Ubuntu @ May 5, 2009   Views:0

I've lost my keyboard and have been following this guide. The thing is it says to change it to the plain login theme to get the on-screen keyboard to work. I can't do that without my keyboard to log in.

But I can use a live cd to edit a config file to change it to a plain theme. That process isn't in the guide, so I was wondering if anyone knew the file I have to edit to change it to the plain login theme? Or what I need toput in it.

my guess would be gdm.conf, but I don't know what to change in it???

Thank you so much for the help

--------------Solutions-------------

I'm assuming you'll use an onscreen keyboard to edit these.

You may have a file called:

/etc/gdm/gdm.conf-custom

You could edit it so that it will automatically log you in (you won't even be presented with the login screen).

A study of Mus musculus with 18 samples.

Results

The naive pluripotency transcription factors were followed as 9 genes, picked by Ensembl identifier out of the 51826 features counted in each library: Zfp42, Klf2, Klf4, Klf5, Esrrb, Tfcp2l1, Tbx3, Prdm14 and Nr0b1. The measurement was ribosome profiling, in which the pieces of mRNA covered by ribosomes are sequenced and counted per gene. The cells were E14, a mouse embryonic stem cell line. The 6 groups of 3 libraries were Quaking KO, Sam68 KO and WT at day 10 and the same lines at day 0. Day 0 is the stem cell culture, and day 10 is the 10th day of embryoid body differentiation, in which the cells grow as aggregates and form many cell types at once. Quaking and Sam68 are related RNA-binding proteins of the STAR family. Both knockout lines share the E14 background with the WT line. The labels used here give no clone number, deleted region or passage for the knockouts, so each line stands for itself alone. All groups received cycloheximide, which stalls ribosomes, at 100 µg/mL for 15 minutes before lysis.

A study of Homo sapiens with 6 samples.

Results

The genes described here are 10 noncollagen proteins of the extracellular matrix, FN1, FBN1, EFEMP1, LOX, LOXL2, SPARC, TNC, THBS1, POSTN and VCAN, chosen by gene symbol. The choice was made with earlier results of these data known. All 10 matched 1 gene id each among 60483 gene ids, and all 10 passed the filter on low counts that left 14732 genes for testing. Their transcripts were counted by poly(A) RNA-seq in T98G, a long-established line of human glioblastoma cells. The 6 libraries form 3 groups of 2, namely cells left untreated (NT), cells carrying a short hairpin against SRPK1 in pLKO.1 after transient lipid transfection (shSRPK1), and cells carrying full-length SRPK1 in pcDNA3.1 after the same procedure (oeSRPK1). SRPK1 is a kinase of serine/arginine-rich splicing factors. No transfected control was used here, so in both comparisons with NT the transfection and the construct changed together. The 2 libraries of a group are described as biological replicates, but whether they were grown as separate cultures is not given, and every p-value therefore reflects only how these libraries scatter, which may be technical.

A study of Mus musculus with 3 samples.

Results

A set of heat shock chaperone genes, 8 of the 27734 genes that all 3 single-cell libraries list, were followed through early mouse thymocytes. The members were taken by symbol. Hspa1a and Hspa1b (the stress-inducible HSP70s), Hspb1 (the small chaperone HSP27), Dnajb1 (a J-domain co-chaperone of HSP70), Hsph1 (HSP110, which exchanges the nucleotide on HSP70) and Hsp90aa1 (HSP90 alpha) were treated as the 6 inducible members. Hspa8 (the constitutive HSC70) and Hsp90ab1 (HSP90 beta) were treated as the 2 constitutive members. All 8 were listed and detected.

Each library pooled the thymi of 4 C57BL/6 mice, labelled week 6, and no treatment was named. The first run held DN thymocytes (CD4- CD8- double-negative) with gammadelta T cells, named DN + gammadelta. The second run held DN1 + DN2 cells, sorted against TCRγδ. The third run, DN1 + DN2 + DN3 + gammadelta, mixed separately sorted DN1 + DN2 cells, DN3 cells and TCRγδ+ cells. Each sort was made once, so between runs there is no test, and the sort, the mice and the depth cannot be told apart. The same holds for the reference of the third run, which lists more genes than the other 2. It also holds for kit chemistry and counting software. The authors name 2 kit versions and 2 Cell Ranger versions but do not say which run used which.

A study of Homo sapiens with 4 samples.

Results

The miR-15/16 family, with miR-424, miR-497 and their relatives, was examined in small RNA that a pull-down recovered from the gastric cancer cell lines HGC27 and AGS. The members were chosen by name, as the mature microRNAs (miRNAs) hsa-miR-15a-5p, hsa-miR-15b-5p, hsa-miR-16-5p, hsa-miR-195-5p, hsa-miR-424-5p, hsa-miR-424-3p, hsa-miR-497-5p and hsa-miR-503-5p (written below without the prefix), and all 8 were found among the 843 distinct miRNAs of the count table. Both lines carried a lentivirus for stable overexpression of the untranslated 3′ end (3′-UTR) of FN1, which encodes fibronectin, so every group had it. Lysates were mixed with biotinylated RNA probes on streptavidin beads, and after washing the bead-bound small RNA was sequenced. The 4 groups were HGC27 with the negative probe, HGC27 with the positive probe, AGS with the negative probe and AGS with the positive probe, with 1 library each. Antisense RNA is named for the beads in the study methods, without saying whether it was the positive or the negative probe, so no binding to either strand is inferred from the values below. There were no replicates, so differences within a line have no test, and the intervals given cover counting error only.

Then you can simply change the login to the plain version with the login editor (under the Administration menu). You'll be able to use your mouse for that.

I tested the following and it worked and didn't cause problems.

Change username to your username.

Code:

[daemon]

AlwaysLoginCurrentSession=false

AutomaticLogin=username

RebootCommand=/usr/bin/reboot;##############
HaltCommand=/usr/bin/poweroff;/sbin/poweroff;#############

Greeter=/usr/lib/gdm/gdmlogin

AutomaticLoginEnable=true

*** If you don't have gdm.conf-custom then you could try editing your gdm.conf file which is located in the same directory. I have not tested editing this though.

Change username to your username

Code:

[daemon]
# Automatic login, if true the first attached screen will automatically logged
# in as user as set with AutomaticLogin key.
AutomaticLoginEnable=true
AutomaticLogin=username

You may also need to find this and make sure it is set to false. It's further down the file.

Code:

AlwaysLoginCurrentSession=false

Thank you so much mprince!
This affectivly solved my problem in a way I hadn't even thought about.
I cannot thank your hard work to answer my question enough.

You're welcome, Mazehero55. Actually, reading through the guide helped me a little. I didn't realize that I could simply type 'onboard' in terminal and bring up a decent little on-screen keyboard. This was something I had been looking for, but hadn't found yet.